The next chapter in the ongoing patent tussle between Microsoft and Google-owned Motorola Mobility has come to light. Reuters reports today that Microsoft has rejected a settlement offer from Motorola Mobility that would have the Seattle tech giant pay a royalty fee of 2.25 percent on every Xbox 360 sold.
"While we welcome any good faith settlement effort, it's hard to apply that label to a demand that Microsoft pay royalties to Google far in excess of market rates, that refuses to license all the Microsoft patents infringed by Motorola, and that is promptly leaked to the press," Microsoft's deputy general counsel Horacio Gutierrez said in a statement to the news outlet.
Other stipulations in the deal, according to Microsoft, include Motorola paying Microsoft 33 cents for each Android phone using calendar-updating software ActiveSync, and Motorola asking for 50 cents per copy of Windows for using its patents.
Last month, International Trade Commission judge David Shaw recommended a United States import ban for the 4GB and 250GB Xbox 360 S consoles, which are manufactured in China. Should ITC commissioners agree with Shaw's recommendation, President Barack Obama and advisors will have 60 days to review the decision. After this time, whatever is decided can be appealed.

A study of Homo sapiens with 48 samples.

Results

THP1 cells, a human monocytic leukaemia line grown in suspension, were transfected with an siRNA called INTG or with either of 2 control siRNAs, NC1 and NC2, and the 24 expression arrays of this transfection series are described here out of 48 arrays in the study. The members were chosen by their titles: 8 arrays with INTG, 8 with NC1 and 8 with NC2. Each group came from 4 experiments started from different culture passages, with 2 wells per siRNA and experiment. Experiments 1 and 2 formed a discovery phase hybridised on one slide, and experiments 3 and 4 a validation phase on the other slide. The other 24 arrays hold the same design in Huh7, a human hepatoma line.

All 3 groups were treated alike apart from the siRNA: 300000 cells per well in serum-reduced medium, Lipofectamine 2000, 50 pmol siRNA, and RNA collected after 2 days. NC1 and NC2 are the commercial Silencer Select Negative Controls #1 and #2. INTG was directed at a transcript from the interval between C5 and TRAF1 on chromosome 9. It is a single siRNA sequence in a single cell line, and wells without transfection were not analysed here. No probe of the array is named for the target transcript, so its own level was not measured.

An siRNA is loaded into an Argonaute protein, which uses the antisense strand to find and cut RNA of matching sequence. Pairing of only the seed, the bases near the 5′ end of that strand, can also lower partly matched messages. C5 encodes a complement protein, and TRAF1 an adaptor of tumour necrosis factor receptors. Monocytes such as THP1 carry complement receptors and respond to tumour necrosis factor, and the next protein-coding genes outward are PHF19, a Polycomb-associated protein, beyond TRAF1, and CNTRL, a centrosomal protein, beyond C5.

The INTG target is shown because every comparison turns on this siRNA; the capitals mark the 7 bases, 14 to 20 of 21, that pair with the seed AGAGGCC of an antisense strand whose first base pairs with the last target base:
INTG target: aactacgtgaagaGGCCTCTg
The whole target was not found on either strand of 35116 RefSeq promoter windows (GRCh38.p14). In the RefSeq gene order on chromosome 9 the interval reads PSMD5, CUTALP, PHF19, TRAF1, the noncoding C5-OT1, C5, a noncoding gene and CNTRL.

In April, the ITC ruled that the Xbox 360 violated a string of patents Motorola holds for video decoding, Wi-Fi connections, and console-to-accessory connections. And in May, a German court decision banned the sale of Xbox 360 consoles in that country, though it had no immediate effect, because Microsoft was granted a preliminary injunction.
The ITC is expected to conclude its investigation by August 23.